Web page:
The Estonian Patients Advocacy Council says the government should act more like Ireland when it comes to national health care.
In a November 4 statement rejecting last week's proposal from the Hospitals Association to raise money for health care by increasing patient copayments, the council referred to health care funding by countries with higher budget deficits.
"Instead of starting to direct additional resources into health care in order to improve the availability of medical care similarly to Ireland, which recently had one of Europe's highest budget deficits but which is roughly on the same scale as Estonia, the government has used health care funding to maintain budget balance. The government will not find money for improving availability of health care service," the Patients Advisory Council said in a statement to the media.
The council said Ireland had invested 280,000 euros into health care in the last five months - something that was approved of by the European Commission, the European Central Bank and International Monetary Fund.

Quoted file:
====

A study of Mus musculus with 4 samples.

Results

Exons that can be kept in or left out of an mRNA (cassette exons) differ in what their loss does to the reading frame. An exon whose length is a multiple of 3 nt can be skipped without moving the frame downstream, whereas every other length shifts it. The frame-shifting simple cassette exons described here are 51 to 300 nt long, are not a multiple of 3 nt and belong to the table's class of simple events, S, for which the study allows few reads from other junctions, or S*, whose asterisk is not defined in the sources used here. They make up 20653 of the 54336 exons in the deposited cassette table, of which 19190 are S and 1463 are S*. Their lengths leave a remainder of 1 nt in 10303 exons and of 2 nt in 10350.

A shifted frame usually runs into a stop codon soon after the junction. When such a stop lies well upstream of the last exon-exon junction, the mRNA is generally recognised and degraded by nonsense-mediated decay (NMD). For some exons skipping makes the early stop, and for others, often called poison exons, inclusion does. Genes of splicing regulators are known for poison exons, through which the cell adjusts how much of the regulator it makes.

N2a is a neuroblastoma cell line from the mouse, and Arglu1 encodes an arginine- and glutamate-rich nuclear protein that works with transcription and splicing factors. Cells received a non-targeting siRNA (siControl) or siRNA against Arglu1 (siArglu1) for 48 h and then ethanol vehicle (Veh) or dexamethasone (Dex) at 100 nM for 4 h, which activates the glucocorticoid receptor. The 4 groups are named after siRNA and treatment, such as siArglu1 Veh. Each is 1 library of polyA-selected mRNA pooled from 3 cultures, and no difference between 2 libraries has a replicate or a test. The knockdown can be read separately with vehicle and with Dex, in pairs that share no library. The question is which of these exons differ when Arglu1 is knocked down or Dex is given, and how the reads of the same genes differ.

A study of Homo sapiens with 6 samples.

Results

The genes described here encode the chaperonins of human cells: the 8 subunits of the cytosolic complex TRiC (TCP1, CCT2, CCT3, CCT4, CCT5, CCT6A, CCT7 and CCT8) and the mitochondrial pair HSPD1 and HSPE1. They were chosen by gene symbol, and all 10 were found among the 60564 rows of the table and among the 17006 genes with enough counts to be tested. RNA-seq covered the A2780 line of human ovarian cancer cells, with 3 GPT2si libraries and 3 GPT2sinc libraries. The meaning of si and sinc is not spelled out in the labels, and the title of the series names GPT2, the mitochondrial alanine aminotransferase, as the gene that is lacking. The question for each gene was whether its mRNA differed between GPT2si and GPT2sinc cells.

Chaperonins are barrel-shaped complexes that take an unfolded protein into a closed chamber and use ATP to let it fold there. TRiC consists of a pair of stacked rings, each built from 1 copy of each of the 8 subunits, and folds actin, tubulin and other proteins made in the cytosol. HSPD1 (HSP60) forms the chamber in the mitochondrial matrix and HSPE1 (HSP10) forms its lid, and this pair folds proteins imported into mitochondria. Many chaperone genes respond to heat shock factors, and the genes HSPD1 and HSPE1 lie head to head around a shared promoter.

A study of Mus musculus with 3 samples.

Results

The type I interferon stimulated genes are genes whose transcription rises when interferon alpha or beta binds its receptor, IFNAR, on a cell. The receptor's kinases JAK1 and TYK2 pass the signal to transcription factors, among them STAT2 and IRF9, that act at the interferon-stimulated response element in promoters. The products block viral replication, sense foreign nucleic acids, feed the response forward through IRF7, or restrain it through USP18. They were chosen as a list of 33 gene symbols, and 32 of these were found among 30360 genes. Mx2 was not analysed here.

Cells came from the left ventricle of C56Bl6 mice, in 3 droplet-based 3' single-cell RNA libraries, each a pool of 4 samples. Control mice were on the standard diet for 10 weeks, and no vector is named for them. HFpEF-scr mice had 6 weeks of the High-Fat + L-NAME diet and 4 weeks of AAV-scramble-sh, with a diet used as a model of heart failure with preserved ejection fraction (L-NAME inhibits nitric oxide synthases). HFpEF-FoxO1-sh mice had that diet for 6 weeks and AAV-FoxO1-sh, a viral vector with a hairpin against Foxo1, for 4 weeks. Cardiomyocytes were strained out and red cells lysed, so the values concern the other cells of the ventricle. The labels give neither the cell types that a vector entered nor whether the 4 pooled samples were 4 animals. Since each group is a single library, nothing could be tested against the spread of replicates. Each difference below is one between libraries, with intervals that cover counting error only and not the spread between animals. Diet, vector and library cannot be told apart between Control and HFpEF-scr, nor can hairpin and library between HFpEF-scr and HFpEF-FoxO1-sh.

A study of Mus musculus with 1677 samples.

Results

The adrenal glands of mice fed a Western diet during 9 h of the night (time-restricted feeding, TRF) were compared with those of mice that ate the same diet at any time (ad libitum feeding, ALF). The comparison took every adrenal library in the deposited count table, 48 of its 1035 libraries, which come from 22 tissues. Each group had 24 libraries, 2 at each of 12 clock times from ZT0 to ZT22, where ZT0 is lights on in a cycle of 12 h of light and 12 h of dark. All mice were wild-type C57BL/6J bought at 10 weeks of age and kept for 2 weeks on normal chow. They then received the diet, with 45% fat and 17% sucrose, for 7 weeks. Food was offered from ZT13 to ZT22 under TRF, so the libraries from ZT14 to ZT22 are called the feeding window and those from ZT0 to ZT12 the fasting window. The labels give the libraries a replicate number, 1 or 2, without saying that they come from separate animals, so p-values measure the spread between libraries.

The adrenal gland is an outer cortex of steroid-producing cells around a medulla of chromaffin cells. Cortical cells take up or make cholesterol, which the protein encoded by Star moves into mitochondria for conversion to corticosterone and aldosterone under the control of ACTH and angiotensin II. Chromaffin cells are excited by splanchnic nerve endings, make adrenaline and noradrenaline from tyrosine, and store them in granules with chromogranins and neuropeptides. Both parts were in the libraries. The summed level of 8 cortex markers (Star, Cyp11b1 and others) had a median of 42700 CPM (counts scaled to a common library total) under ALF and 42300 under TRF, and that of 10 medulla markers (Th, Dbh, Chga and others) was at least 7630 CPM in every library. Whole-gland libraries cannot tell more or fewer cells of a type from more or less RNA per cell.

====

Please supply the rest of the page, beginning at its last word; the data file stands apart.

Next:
"The fact that the IMF, known as one of the world's most stringent financial institutions, approved the investment into health care by a country in very difficult financial straits renders the claims of Estonian government representatives hollow and empty," the statement said.
The council accused the government of "simply not wanting to deal substantively with the issue."
The Hospitals Association requested on Friday that the Ministry of Social Affairs raise copayment fees for doctor's visits from 3.20 to 5 euros for outpatients and from 1.60 euros to 2.50 euros for inpatients.